Drip Drop Teardrop
Copyright © 2011 Samantha Young
All Rights Reserved. No reproduction, copy or transmission of this publication may be made without written permission. No paragraph of this publication may be reproduced, copied or transmitted save with the written permission of the author. This work is registered with and protected by Copyright House.
This sallow-faced creature with the sunken cheeks and hollow eyes bruised with unnatural tiredness could not be her vivacious Aunt Caroline. Only a year ago her aunt had run the New York Marathon, power walked to her job as an editor at the Greener World Magazine, and had proclaimed Sunday, not a day of rest, but ‘Rock Climbing Sunday’.
But like a blood-sucking vampire that enjoyed playing with its food, cancer had stalked Aunt Caroline and now taken her hostage, drawing her life source out of her day by day.
“You sure you’re going to be OK?” Avery asked for the fiftieth time as she tucked her aunt into bed. She put her meds beside her and made sure her favourite book was on her bedside cabinet along with her reading glasses, a glass of water, her cell in case she needed Avery, and the remote to the ancient mini television that sat in the corner of the room.
Aunt Caroline smiled wearily and made a shooing away gesture. “I told you, today is a good day. Will you please just go? Your friends are waiting for you.”
Ignoring the knot of anxiety in her chest, Avery pressed a light kiss to her aunt’s cheek and made her way quickly out of the apartment before she changed her mind. She had gone through this every month since her aunt’s diagnosis. But it stopped her aunt from feeling unnecessary guilt, and truth be told Avery needed the break sometimes.
“There you are.” Sarah grinned at her, throwing an arm around her as she stepped out of the apartment building.
Jemima winked at her and stubbed out her cigarette with the toe of her six inch yellow heels. At five ten with dark chocolate skin, unusual hazel eyes and a figure to die for, Jemima belonged to the world of modelling in New York City. She smoked because she swore it kept her skinny, but knowing how much Avery hated it (and everyone was taking it easy with Avery these days) she tried not to smoke around her.
“How you doin’, girl?” Jemima asked, rubbing a hand up and down her arm affectionately.
Despite perks such as Jemima not smoking in front of her, this is what Avery hated: everyone treating her differently because her aunt was dying. It had happened when she lost her parents and it was happening again. She forced a smile. “I’m all dressed up and ready to party.”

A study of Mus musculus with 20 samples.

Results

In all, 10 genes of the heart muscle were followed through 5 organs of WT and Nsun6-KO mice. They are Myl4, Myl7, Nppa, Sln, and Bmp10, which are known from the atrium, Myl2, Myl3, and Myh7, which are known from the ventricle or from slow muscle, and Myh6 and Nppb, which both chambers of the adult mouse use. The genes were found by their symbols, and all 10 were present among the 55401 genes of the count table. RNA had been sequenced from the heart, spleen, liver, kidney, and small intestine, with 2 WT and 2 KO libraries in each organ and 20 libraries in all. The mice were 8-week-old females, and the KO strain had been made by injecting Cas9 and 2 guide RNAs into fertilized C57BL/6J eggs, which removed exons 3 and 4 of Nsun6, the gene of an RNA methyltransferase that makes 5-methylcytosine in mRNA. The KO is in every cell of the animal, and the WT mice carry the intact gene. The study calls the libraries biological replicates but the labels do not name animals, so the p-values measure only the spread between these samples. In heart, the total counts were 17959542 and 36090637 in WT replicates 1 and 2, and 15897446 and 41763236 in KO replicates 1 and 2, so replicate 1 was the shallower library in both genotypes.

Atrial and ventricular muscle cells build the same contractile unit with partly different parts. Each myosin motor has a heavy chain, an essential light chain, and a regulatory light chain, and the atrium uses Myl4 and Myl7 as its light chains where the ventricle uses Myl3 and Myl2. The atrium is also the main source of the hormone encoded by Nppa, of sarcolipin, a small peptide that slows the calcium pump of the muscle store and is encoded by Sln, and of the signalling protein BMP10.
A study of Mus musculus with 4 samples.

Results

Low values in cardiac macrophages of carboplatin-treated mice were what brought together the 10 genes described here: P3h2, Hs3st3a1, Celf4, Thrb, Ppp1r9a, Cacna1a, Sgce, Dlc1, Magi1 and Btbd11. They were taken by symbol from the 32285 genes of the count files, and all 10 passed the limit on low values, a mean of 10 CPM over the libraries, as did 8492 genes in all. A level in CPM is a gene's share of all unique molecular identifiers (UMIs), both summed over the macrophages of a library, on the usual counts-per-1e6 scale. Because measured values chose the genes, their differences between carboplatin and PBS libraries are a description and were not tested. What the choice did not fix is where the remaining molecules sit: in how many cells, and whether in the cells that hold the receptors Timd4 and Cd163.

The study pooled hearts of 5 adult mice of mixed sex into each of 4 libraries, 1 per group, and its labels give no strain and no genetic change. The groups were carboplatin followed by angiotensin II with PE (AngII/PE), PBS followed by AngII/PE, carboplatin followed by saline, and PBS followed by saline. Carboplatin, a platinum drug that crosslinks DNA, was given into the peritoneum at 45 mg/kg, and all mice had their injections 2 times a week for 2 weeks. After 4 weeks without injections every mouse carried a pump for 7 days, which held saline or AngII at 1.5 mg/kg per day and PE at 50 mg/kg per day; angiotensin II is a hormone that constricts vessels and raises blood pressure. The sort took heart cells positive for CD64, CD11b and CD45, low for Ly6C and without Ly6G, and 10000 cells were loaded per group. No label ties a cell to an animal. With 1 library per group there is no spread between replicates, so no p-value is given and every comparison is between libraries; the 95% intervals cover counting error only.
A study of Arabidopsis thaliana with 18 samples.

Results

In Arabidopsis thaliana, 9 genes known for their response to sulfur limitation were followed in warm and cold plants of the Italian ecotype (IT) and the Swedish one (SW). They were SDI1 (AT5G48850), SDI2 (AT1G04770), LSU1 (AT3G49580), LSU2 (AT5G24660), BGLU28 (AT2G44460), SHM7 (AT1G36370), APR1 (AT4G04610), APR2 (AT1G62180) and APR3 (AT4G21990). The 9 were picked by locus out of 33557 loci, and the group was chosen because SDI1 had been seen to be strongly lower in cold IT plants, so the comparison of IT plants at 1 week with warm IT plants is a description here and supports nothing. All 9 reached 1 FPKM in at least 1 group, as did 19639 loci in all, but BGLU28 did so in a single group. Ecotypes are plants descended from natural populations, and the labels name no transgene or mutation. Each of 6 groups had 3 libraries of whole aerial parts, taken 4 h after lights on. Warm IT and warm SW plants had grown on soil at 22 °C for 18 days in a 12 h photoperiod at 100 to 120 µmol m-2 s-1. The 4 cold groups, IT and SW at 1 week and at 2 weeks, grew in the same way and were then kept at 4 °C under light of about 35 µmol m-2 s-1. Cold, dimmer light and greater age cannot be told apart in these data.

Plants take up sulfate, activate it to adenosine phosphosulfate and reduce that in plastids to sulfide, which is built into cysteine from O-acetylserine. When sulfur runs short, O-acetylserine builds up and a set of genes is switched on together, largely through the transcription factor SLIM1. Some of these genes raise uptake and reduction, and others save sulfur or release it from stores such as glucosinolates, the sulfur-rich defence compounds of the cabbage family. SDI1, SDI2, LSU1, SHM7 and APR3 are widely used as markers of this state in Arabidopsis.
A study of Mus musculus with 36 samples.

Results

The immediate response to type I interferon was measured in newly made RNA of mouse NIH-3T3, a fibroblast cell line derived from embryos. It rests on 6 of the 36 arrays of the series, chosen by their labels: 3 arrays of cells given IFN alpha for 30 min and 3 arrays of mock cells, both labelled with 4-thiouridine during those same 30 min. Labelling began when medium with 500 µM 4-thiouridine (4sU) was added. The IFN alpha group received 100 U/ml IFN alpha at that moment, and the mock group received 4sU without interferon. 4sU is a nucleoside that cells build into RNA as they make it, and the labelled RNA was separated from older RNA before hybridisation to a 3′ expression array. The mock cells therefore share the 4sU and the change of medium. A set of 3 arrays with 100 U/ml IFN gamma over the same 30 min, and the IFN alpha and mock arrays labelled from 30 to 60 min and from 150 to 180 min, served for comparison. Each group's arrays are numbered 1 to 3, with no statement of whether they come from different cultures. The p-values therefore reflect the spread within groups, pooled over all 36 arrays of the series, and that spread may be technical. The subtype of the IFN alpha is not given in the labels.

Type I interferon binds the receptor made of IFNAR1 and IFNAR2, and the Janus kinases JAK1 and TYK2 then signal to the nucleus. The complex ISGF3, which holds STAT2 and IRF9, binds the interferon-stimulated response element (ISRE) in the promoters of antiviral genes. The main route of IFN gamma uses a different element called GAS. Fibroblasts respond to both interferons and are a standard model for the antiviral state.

“You don’t say.” Sarah took a step back from her, her little sequined clutch purse winking in the cast of the street lights. “Josh is going to blow a gasket when he sees you in this get up.”
Rolling her eyes, Avery pulled on the hem of her black dress. “Is it too much?”
“Nuh-uh,” Jemima assured her, already moving off the sidewalk to flag down a cab. “Just enough, I’d say. With legs as short as yours you need all the help you can get.”
“Excuse me if some of us aren’t Amazonians.”
Jemima snorted in response.
Avery frowned as a cab pulled over and she shuffled into it with her friends. “Where are the guys?”
Sarah shrugged. “We’re meeting them at the club instead. So, your aunt’s still OK about these club nights?”
Avery smiled humourlessly. “She practically forces me into it.”
Jemima grunted from the other side of Sarah who was packed in between them. “Don’t need to sound so thrilled to be with us, girl.”
“You know that’s not what I meant.”
“Jammy is just teasing.” Sarah glared at Jemima, and the girl narrowed her exotic eyes on her.
“I told you to stop calling me Jammy.”
Sarah grinned unrepentantly and turned back to Avery. “So seriously, she’s OK?”
No, her aunt wasn’t OK. She wasn’t going to be OK ever again.
When Avery first found out about her aunt’s terminal diagnosis she was a freshman at NYU, studying journalism just like Aunt Caroline had. It had been a struggle for them to afford it anyway; Avery hadn’t moved out of their tiny one bedroom apartment in Brooklyn, she was commuting. And she had a part time job at a coffee chain since they were one of the few corporate companies that Aunt Caroline didn’t have a problem with.